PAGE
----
I wish I could tell you that I first ate this grilled octopus while sitting at a seaside bistro in Greece, staring out at a Peloponnesian sunset and knocking back tumblers of ouzo. But I can’t. Sadly, I’ve never been to Greece, although I’ve wanted to go for more than a decade. The Fates seem always to prevent me. Someday.
I can, however, tell you that this Greek-inspired recipe is so wonderful I’d happily feed it to Great Aphrodite, or some mortal facsimile thereof… like Holly, who just so happens to be part Greek. Holly loves octos, and so do I. Enough to post a recipe for a store-bought ingredient. Yes, it’s true. I did not catch these octopi. I bought them at a fish market.
There are any number of methods to tenderize octopus, but over the years I’ve found the best way is to slowly braise them in their own juices, over a bed of mixed herbs. The grilling part only adds some char and scorch to the party. Serve these simply, with lemon, a drizzle of fine olive oil and a grind of black pepper.
Bread is a must, as are olives. I like some feta cheese with my octos, too. And you gotta have either an austere, crisp white wine — I recommend a Greek Assyrtiko — or lots and lots of ouzo.
If you like calamari, you will like this recipe. If you like octopus, you will love this recipe. So much so that you will find yourself eating ore than you think you might be able to; Holly and I ate this full two-pound recipe at one sitting. Glad we did not have to take a cholesterol test the next day…
Grilled Octopus, Greek Style
I used small octopi for this recipe, but it works just as well with larger ones, too. If you use a big octo, you will need to braise it longer, and you will want to cut it into chunks when you are ready to grill. Octopus is readily available at both Asian and Latin markets; the Mexicans, apparently, eat a lot of pulpo. It might be harder to find in an Anglo market, however. There is no easy substitute for octopus, although cuttlefish would work. But good luck finding cuttlefish.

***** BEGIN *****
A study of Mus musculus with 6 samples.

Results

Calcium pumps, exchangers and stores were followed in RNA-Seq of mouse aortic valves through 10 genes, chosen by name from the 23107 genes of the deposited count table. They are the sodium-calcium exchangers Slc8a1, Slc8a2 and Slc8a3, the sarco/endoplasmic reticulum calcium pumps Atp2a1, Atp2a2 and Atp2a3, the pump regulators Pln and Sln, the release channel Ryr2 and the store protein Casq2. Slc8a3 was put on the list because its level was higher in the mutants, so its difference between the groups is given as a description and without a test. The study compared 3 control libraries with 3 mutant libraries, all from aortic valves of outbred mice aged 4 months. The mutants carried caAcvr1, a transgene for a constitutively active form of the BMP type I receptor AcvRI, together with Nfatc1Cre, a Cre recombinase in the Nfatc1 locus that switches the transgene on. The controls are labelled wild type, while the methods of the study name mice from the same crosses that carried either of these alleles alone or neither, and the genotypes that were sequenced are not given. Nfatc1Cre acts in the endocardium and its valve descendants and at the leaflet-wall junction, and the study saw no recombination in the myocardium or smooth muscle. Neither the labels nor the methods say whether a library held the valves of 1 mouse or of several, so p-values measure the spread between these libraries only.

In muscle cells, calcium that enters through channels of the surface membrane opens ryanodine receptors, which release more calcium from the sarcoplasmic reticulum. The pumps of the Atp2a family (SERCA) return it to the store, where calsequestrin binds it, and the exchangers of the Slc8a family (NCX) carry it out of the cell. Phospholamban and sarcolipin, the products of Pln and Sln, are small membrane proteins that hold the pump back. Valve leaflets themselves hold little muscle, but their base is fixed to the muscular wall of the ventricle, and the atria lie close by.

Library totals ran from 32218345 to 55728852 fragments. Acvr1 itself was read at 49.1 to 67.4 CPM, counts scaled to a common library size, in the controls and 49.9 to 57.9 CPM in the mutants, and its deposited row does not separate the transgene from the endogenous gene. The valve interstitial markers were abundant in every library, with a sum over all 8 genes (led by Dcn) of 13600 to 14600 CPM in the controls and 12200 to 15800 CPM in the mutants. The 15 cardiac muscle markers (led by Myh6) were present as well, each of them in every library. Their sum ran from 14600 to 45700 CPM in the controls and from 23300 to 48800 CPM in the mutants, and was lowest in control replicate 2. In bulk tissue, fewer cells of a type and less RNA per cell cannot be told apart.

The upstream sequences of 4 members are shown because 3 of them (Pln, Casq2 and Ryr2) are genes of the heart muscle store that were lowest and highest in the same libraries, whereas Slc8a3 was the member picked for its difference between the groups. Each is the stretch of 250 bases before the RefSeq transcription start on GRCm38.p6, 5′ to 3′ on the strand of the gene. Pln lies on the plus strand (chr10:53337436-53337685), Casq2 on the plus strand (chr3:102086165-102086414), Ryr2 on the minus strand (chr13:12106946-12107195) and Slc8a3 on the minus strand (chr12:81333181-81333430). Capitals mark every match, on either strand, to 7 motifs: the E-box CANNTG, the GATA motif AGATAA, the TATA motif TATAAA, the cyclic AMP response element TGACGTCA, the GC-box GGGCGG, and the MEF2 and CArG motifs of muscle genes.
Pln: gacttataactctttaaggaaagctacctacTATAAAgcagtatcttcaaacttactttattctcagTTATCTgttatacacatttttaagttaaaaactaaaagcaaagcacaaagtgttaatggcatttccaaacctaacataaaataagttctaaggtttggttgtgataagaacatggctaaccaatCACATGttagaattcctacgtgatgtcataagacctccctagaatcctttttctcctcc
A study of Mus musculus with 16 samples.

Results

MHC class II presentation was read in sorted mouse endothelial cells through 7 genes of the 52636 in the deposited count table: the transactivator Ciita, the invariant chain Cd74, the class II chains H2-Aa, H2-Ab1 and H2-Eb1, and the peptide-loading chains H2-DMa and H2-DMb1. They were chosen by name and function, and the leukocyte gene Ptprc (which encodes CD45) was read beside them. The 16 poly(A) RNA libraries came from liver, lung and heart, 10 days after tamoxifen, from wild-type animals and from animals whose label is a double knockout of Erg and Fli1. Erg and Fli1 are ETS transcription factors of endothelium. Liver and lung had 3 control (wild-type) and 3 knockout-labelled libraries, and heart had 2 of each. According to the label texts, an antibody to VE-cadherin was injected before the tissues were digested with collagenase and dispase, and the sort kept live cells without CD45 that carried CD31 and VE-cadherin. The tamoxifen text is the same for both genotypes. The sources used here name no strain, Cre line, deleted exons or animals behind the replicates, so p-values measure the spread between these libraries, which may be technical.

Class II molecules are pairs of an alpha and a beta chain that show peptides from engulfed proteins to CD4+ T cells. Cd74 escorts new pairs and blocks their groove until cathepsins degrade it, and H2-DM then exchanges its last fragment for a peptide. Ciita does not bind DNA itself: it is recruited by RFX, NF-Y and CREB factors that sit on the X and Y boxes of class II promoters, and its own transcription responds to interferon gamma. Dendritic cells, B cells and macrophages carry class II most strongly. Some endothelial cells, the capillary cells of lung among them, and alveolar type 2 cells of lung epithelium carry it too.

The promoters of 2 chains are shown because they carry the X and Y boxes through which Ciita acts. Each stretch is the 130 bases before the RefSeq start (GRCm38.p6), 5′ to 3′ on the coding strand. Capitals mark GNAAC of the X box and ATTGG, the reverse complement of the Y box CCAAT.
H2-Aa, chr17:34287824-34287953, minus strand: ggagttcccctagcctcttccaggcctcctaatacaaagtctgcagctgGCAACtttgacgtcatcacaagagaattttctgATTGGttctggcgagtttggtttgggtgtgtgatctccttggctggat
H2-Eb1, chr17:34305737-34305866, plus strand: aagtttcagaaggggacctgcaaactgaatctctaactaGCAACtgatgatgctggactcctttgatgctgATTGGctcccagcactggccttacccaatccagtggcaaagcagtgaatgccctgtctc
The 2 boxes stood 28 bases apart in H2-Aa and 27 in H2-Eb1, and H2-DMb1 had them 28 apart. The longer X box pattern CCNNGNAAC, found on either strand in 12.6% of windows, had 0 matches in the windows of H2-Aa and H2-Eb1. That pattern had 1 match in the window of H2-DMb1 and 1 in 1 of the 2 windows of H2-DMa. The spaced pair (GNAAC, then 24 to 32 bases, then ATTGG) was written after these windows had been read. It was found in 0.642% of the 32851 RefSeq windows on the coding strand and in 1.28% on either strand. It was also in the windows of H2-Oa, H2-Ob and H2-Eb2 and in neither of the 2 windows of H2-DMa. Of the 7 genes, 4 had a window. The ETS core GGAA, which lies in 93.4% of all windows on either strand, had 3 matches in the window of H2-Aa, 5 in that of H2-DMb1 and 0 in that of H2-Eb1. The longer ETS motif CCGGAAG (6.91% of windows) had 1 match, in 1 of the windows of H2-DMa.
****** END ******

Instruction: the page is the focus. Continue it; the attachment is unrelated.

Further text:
Below I give a minimum time for marinating the octopus before grilling. You can marinate them for as long as a day or two beforehand and the octos will still taste fine. You can also braise on one day and grill on another. Once they’ve been braised, the octopi will keep a few days in the fridge. You also can serve this hot or at room temperature, so it really is a perfect make-ahead appetizer.
For another great octopus recipe, check out my Spanish pulpo gallego.
Serves 4 as an appetizer.
Prep Time: 10 minutes
Cook Time: 3 hours, includes marinating time.
- 2 pounds octopus
- 3 to 4 bunches of herbs, such as parsley, oregano, fennel fronds and green onions
- 4 to 6 bay leaves
- 1/4 cup olive oil
- Juice of a lemon
- 2 tablespoons chopped fresh oregano
- 1 chopped fresh hot chile, or 1/2 teaspoon chile flakes
- Fine olive oil, black pepper and lemon wedges for garnish
- Bring a large pot of salted water to a boil and blanch the octopus for 90 seconds. Remove the octopus and let it drain on a colander.
- Meanwhile, preheat the oven to 300°F. Line the bottom of a brazier, a Dutch oven or other large, ovenproof pot with a lid with the herbs and bay leaves. Lay the octopus on the nest of herbs, cover the pot and cook in the oven until tender, which will be somewhere between 90 minutes for small octopi to 4 hours for a really gigantic one. Two hours is about normal.
- When the octopus is tender, cut it into chunks. Leave small octopi whole. Mix the olive oil, lemon juice, oregano and chile and marinate the octopus in this for at least 1 hour, and as much as a day.
- To finish, get your grill blazing hot. Make sure the grill grates are clean. Grill the octopus over high heat until you get a little bit of charring here and there; they’re already cooked, so you are just adding flavor. Drizzle with really good olive oil, grind some black pepper over them and serve with a wedge of lemon — and a shot of ouzo.